The snow may not have melted everywhere, but the earth is starting its slow twist toward the sun, birds are singing their get-it-on songs, and chlorophyll is bursting into blades of grass. Spring is coming, and before it arrives, it is time to plan your summer vegetable garden.
The major questions of garden prep are: What are you going to plant? When are you going to plant? and Where are you going to garden? Once you've answered these questions most of the planning is straightforward.
When to Plant
The first bit of garden knowledge you need to know is your USDA Plant Hardiness Zone, which tells you when you can plant something and not worry about it dying some frosty night. The thing is that some seeds like it cold and some like it hot, so you'll want to plant some vegetables (like Kale) before the last frost date for your zone and some, like cucumbers, well after. Burpee seed company offers a nice garden calendar that corresponds to your USDA Zone. Just plug in your zip code and you have an instant planning guide for your area.
What to Plant
With a garden calendar in hand you know what's possible, but what do you actually want to put in the ground? It's best to start with what was in your salad at lunch (if you ate salads). It seems like it would go without saying, but many gardeners plant stuff they'll never eat. Don't waste your time. My family eats kale or collards every day, so I'm going to plant a lot of both. We like micro salad greens, so I put in a bed of those. I don't care for summer squash, so I'll skip those. Think simple, but don't forget to try something new. Also make sure flowers are a part of the plan. Marigolds and petunias both help keep pests down and attract those ever-necessary honey bees to your garden.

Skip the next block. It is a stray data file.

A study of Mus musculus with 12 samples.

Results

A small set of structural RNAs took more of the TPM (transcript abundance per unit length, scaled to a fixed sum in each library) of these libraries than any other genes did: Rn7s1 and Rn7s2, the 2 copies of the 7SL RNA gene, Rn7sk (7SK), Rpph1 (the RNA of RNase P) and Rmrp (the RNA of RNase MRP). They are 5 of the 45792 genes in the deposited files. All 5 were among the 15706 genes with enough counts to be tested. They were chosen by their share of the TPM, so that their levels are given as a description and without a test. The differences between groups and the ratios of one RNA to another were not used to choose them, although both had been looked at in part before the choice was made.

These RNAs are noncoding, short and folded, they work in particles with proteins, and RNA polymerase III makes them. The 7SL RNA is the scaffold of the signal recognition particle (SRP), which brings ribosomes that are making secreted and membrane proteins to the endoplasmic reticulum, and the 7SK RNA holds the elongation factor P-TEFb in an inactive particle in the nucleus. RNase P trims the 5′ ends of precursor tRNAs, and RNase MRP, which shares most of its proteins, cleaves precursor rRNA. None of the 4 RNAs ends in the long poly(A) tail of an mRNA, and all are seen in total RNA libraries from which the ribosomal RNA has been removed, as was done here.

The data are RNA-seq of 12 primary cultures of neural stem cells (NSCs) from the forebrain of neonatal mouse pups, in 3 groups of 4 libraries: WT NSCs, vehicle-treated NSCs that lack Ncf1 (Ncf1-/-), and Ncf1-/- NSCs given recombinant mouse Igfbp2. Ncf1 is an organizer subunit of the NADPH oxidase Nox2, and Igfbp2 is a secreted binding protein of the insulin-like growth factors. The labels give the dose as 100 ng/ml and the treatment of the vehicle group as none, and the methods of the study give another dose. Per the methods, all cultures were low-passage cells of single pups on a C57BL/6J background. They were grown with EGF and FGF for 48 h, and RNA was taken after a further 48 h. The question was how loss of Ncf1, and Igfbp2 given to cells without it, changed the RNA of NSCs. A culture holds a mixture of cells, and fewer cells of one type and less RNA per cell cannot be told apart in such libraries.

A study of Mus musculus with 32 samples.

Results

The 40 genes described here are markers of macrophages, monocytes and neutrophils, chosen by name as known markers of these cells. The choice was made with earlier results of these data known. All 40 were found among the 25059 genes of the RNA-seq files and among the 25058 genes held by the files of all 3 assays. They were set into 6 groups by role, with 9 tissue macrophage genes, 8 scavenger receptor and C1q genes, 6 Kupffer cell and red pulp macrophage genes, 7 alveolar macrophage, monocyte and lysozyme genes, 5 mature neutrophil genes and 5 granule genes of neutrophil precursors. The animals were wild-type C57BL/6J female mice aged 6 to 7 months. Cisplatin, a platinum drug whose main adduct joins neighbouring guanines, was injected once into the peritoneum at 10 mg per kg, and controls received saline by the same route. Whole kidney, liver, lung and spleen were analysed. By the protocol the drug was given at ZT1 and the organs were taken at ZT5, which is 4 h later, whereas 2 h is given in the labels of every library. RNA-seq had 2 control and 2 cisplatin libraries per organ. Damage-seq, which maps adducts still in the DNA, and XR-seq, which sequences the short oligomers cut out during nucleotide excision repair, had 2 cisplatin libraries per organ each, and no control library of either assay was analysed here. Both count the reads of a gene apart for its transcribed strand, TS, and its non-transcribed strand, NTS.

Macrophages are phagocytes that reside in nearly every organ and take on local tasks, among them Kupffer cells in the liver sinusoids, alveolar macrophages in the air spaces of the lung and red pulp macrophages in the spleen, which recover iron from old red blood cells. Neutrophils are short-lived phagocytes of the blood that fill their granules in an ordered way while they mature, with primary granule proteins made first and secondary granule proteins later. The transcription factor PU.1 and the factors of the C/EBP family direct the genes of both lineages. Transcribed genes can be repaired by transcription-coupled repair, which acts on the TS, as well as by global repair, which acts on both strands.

Where to Plant
If you don't have a garden plot already, picking the right spot can be tricky. You want a place that has about 6-8 hours of direct sunlight (and be sure to account for the shade that will come when the trees have leaves on them). The area should also drain fairly well. Watch the next time it rains and make sure there are no puddles.
Once you have a sunny spot with decent drainage, you can go in a wide variety of directions from labor-intensive double-digging to alternative patterns like a keyhole garden. For beginners, a raised bed garden is a good way to go. Think of a sandbox with a soil mix instead of sand. These gardens can be easy to manage and can take considerably less work to set up than more traditional gardens. A quick Google search will turn up plans to build one or your local hardware store will gladly sell you a kit.
With a solid plan in place, you'll be ready to get to work as soon as the snow melts.